Sally Hurme figured that if anyone knew about financial scams targeted at older Americans, it would be her family and friends. After all, Hurme, an attorney and AARP project advisor, had spent two decades educating seniors across the country about fraud and how to avoid it.
That’s why she was so shocked when her own husband, Art, 71, became the victim of a fraud in January. The retired Army Corps of Engineers marine biologist wound up losing $3,000 in an “imposter scam” after receiving a call at his Alexandria, Va., home from a sobbing woman claiming to be his daughter. She told him she had been in a car accident and was under arrest for drunken-driving in California and needed money to get out of jail.
“Art knew about all kinds of scams, but not this one,” Hurme said. “And if it could happen to him, it could happen to anyone.”
State legislators have become increasingly concerned about financial crimes against seniors and vulnerable adults.
“The real innovations are happening at the state level,” said Mary Twomey, co-director of the National Center on Elder Abuse at the University of California, Irvine. “The states are definitely stepping up.”
This year, lawmakers in at least 28 states and the District of Columbia introduced legislation addressing the issue. Some measures focus on enhancing criminal penalties. Others target caregivers who exploit elderly charges. Some require financial institutions to report suspected exploitation.
No one keeps statistics on exactly how many seniors have become victims of financial fraud or exploitation. Often, they don’t report it to authorities out of shame or embarrassment.
But there is growing evidence that the problem is substantial. The Federal Trade Commission’s Consumer Sentinel Network database, which collects consumer complaints and makes them available to law enforcement, contained 123,757 fraud complaints in 2013 from victims who had identified themselves as aged 60 and over.
A 2011 study by MetLife estimated that the annual loss to elderly victims of financial fraud (perpetrated by strangers) and abuse (perpetrated by family, friends or neighbors) was at least $2.9 billion, a 12 percent hike over its 2008 estimate.
And a study released this month in the Journal of General Internal Medicine found that one in 20 older adults in New York state reported that they had been financially exploited, usually by a family member, but sometimes by a friend or home-care aide.
“When you’re an elder and you cannot recoup the money, these financial crimes are devastating to your peace of mind and to your actual health and welfare,” Twomey said. “People often never see that money again. A lot of times the scam artist is in another country. And if it’s a family member who’s committed the financial abuse, the money often has gone (to the offender’s drug or) gambling problem.”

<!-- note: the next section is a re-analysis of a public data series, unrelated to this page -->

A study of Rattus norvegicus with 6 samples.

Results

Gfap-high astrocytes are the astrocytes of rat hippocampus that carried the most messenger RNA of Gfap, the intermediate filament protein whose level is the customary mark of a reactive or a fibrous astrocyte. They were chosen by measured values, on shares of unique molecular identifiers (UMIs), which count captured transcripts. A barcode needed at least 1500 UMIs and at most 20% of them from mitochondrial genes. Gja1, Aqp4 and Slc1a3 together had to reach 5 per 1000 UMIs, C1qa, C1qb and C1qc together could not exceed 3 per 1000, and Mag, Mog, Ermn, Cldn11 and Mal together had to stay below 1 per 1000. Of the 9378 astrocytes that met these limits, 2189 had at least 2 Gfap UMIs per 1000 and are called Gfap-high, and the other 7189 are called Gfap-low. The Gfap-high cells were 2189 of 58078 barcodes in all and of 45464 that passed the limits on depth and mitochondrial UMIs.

STATES STEP UP
Heather Morton, a legislative analyst for the National Conference of State Legislatures, said financial scams aimed at seniors are “a significant topic for (state) legislators who are looking for ways they can help their constituents.”
Among the measures passed within the past two years:
— In Colorado, a comprehensive senior-protection bill included a provision requiring police to be trained in recognizing exploitation and abuse of at-risk elders. Every sheriff’s department and municipal police agency must employ at least one trained officer by Jan. 1, 2015.
— In Maryland, money transmitters, such as Western Union, must provide training to certain employees on how to recognize and respond to financial exploitation of seniors. The state already requires financial institutions to report such cases to law-enforcement or adult protective services within 24 hours.
— In North Carolina, a 2013 law gives courts authority to freeze the assets of a defendant charged with financial exploitation of a senior or disabled adult, if the victim has lost more than $5,000.
North Carolina Democratic state Rep. Rick Glazier said he sponsored the financial-exploitation bill in his state because many senior victims had no chance at restitution once the money had disappeared.
“People were being ripped off, and by the time you found out who was at fault and charges were brought, the assets were gone,” Glazier said. “You could deal with the scammers criminally, but the victims were left holding the bag. For a lot of senior citizens, losing $5,000 or more can dramatically affect their lives.”